One of the advantages of working for a university is that they like to close between Christmas and New Year’s. For years, I’ve taken advantage of that perk to give myself a two-week writing vacation, starting the week before Christmas and going through New Year’s Day. That was the plan this year as well.


Things looked especially promising on the writing front, in fact, because I had finally figured out what was causing my heroine to dig in her heels and developed a plan to solve it. And although I was sad that the Filial Unit and his beloved were unable to join us for the holidays, that too gave me extra time to focus on Songs of Steppe & Forest.


A good-looking, dark-haired young man in Regency dress, looking off to one side; portrait of the Scots national poet, Robert Burns

More accurately, it should have. But I’m a Scotswoman, and as our national poet assured the world a good two centuries ago, “the best-laid plans of mice and men aft gang aglay” (the last three words are Scots for “often go awry”). The first sign of potential roadblocks was the promise of three editing projects.


Now, as I’ve mentioned before, I welcome freelance editing projects—especially now, as I prepare to fund my retirement. And all three of these were exactly the kind of books I enjoy working on. The first came with lots of forewarning and was not due back until late January. The second was supposed to arrive in early December and be done before my break began. I actually turned down one from the third editor, so as to protect my writing time, even though I’m still establishing myself with that particular client. But when I received a second offer from the same person for, as I thought, mid-January, I said yes.


That’s when Murphy’s Law (“anything that can go wrong, will go wrong”) kicked in. Nothing really went wrong, of course; I chose to accept the projects and would do so again. But they did arrive on a schedule I wasn’t expecting. Editor no. 1 sent her files a couple of days early, with the same deadline, just as my break began. Editor no. 2 ran into a traffic jam, so her files arrived on the same day, with an extended deadline. At that point, I started to feel a bit crowded, but I thought I could still manage most of my writing vacation before I started on either one. Then it turned out that I had misunderstood Editor no. 3, who needed files back by mid-January. That was when I realized that this would be the writing vacation that wasn’t.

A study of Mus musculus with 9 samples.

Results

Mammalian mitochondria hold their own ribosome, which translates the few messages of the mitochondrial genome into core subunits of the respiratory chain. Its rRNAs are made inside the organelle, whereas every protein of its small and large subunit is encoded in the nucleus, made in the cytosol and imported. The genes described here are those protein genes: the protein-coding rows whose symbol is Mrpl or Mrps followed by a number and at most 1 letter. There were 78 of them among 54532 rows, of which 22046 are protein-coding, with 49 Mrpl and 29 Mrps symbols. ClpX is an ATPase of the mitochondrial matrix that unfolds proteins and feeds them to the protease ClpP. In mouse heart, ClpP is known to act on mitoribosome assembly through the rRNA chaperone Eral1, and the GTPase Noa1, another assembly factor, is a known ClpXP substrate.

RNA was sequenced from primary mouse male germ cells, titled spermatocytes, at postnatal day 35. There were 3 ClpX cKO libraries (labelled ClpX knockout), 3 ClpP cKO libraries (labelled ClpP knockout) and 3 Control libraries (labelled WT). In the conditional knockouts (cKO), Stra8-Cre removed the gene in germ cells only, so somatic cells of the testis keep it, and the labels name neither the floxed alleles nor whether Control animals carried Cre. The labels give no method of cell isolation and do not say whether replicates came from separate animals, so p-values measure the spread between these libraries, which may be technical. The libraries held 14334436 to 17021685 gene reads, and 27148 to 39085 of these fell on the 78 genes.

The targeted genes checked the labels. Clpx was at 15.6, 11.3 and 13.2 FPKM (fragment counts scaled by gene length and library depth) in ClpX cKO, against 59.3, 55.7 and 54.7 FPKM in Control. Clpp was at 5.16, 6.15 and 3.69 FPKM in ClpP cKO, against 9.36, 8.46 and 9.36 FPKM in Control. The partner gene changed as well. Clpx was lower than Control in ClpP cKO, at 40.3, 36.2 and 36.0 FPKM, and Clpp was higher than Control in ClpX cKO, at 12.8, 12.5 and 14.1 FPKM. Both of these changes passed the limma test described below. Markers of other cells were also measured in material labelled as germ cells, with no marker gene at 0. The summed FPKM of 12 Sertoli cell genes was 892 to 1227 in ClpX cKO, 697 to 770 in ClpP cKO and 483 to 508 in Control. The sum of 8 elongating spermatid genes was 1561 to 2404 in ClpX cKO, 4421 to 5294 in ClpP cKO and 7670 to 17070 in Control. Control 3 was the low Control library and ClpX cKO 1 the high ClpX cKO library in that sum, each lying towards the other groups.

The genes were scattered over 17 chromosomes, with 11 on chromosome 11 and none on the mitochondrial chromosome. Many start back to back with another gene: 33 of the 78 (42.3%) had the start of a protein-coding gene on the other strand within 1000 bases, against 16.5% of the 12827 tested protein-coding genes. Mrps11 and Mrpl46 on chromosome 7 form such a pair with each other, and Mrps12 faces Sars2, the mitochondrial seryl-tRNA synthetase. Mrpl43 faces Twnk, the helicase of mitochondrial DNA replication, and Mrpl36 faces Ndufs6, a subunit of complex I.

The important part is that I did manage to finish my rough draft before I went back to editing. And since I didn’t have the constant pressure of emails to answer and of having to be at my desk for a certain, specific number of hours, I did get a vacation as well a real view of what to expect in retirement. And I had the chance to work with three fascinating manuscripts—two fiction and one a study of the post-Soviet culture that is supporting Putin’s war on Ukraine.


A pink-flowered coffee cup atop a stack of books

My point in this post, however, is somewhat different. Taking a vacation to write can be very rewarding. If, like me, you don’t do well with detailed plot schemes and character maps but need to let the creative juices flow, then having a full week, better two, with minimal distractions is a gift. It’s vital, in fact, because the characters wake up, ideas flow, dialogue appears as if beamed in from elsewhere, and a story can be created in an amazingly short period of time. Almost all my rough drafts are written in those moments of quiet, when it’s just me and the computer and my thoughts.


But once the rough draft is done, I actually find it helpful to set the novel aside for a few weeks. Doing so lets me step out of my own head and re-approach the story as a reader will, without preconceptions. For me, the first set of revisions is a joy: I know I have a plot with a beginning, a middle, and an end. As I go through the book, I know what needs to be clarified so that the ending flows naturally and what can be jettisoned because it doesn’t add anything to the novel and, given that I write about a little-known world, will prove more confusing than enlightening. And unlike that first rush of inspiration, revisions can go more slowly and fit into weekends and holidays.


So, in that sense, even the writing vacation that turned out to be a vacation from writing has moved my story along.


Images: Portrait of Robert (“Rabbie”) Burns by Alexander Nasmyth, 1787, public domain via Wikimedia Commons; cup of coffee atop a pile of books purchased via subscription from Clipart.com.